Metal detectors hunt for buried treasure

By Duncan Kirkhope
BBC Scotland News

image captionMetal detector Nigel Sheridan - hoping to find buried treasure

Thirty or so people move slowly across a muddy field in the pouring rain - and they think it's fun.

They've each got a metal detector, a small spade and - the most optimistic among them - a bag for treasure.

They don't like to be labelled treasure hunters though. They prefer to call their hobby - quietly searching these bleak, rain-soaked slopes - metal detecting.

There has been a recent rise in interest in the pastime - since David Booth unearthed a hoard of Iron Age gold the first time he used his new metal detector.

image captionThe detectors unearthed this Elizabethan sixpences in the field just north of Denny

He found the four neck ornaments - or torcs - dated from between the 1st and 3rd Century BC in a field near Stirling in September 2009.

Mr Booth is, like the others, intently listening to the electronic beeps from his metal detector against the constant background roar of traffic on the nearby M80.

Ian Brown, from Galashiels, is a moderator on Detecting Scotland, the web forum which brings these metal detector enthusiasts to these rain sodden fields.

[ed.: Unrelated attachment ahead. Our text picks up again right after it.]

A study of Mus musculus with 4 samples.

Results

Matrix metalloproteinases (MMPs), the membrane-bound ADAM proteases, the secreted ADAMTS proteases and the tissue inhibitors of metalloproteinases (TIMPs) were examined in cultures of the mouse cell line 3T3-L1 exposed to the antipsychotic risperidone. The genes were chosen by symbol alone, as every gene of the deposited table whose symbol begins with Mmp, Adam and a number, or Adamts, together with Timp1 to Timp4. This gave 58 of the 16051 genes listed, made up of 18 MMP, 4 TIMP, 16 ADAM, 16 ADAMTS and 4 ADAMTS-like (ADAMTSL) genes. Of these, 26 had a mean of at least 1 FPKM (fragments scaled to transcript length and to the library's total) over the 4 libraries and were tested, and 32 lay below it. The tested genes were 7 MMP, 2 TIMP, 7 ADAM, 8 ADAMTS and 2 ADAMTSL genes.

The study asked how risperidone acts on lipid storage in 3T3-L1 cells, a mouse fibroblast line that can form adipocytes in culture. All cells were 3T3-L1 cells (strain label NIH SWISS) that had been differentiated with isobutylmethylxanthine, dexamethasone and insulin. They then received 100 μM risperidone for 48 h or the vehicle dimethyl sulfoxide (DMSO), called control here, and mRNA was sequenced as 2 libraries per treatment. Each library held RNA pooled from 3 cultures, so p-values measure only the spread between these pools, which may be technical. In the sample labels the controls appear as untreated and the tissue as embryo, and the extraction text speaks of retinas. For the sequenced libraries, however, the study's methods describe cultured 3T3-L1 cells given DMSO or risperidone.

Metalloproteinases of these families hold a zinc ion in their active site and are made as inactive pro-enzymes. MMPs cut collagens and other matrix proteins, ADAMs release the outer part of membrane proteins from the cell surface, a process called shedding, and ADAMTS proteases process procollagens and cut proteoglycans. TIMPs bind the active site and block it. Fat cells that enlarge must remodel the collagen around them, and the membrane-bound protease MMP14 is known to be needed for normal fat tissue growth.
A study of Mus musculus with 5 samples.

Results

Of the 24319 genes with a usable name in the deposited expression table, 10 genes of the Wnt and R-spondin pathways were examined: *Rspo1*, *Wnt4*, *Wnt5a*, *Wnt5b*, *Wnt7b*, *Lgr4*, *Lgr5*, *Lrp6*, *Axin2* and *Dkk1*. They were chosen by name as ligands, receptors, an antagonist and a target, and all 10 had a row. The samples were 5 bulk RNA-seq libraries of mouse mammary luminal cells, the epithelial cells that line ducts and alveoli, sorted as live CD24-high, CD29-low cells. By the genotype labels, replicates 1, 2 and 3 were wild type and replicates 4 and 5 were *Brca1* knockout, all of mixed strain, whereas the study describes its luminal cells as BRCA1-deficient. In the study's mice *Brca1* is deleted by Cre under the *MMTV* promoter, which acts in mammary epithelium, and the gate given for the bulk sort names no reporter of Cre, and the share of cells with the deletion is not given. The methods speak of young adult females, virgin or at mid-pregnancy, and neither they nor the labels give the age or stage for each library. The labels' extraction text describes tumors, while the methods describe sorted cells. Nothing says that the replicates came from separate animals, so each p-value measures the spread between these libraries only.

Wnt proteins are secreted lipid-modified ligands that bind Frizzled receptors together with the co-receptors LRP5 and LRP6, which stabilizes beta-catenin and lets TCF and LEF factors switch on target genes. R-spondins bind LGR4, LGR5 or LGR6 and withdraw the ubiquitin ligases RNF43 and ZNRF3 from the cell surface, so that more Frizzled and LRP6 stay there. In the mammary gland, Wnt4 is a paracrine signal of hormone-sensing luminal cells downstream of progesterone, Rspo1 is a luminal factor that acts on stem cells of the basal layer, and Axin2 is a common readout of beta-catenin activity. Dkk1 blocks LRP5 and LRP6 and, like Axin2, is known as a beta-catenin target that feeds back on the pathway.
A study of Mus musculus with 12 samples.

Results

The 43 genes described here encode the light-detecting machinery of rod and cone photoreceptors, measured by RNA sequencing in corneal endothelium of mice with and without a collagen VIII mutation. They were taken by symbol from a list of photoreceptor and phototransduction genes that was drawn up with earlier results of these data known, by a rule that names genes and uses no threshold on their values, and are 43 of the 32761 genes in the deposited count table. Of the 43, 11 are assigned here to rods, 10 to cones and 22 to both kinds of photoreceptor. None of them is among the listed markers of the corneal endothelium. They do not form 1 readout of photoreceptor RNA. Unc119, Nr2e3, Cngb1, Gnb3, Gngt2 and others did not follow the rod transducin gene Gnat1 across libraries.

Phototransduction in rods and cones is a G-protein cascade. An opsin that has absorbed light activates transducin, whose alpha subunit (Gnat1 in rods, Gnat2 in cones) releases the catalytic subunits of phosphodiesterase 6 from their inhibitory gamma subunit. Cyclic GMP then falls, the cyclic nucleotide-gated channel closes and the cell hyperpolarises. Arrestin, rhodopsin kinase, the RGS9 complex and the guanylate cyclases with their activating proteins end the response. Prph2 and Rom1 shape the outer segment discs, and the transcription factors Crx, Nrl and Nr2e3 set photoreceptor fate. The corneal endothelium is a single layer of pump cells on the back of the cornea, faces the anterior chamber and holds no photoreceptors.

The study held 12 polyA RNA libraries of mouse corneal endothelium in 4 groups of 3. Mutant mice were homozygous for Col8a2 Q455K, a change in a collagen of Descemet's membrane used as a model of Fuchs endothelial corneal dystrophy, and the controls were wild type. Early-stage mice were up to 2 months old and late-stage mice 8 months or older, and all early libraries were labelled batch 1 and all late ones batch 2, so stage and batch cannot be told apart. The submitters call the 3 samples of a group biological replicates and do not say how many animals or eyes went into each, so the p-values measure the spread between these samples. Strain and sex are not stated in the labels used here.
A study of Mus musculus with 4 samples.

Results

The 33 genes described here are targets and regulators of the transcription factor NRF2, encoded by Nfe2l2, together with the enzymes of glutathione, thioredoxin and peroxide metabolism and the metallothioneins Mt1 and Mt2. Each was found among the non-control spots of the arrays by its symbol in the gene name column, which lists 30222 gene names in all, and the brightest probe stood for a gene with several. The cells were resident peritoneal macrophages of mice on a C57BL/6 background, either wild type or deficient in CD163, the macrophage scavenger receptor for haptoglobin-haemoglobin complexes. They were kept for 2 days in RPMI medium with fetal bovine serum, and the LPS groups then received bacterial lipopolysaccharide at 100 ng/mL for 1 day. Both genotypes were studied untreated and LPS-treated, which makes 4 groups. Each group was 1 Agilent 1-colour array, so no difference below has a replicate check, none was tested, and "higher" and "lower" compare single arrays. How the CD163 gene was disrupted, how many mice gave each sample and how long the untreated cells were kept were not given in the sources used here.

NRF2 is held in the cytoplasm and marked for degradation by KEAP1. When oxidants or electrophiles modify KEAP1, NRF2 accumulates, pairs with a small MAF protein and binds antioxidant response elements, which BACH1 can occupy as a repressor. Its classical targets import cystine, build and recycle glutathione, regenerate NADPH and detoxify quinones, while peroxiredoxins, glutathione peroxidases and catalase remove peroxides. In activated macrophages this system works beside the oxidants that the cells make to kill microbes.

His avatar on the forum is "Reiver" and his signature reads: "One day it'll be GOLD!!!"

"There should have been more of us today," he says. "The last meet had 60 members but this was a bit short notice."

"Davie's finds have been a great help all round. A lot more farmers are keen to let people detect now and the forum has really brought people together."

For this dig, a farmer has given permission to search five fields adjoining the A872 north of Denny.

There is big excitement at the discovery of three coins: two Elizabethan sixpences from the 1560s and a shilling from the reign of Charles I.

"Any find over 300 years old has to be reported to Treasure Trove. Normally if they aren't extremely rare they are returned after a few weeks," Mr Brown says.

Who knows how long it is since these coins fell out of someone's pocket, or an unfortunate horseman lost his purse.

Now, they are brought back to view by some lucky combination of 21st Century technology and the turn of the tractor's plough.

Another member of the group, Brian Kenny from nearby Cambusbarron, says: "Every metal detector enthusiast dreams of finding a hoard of coins and I suppose you could say we are a bit of a bunch of anoraks.

"But I do it, like I think most of the others do, because first and foremost I am fascinated by history."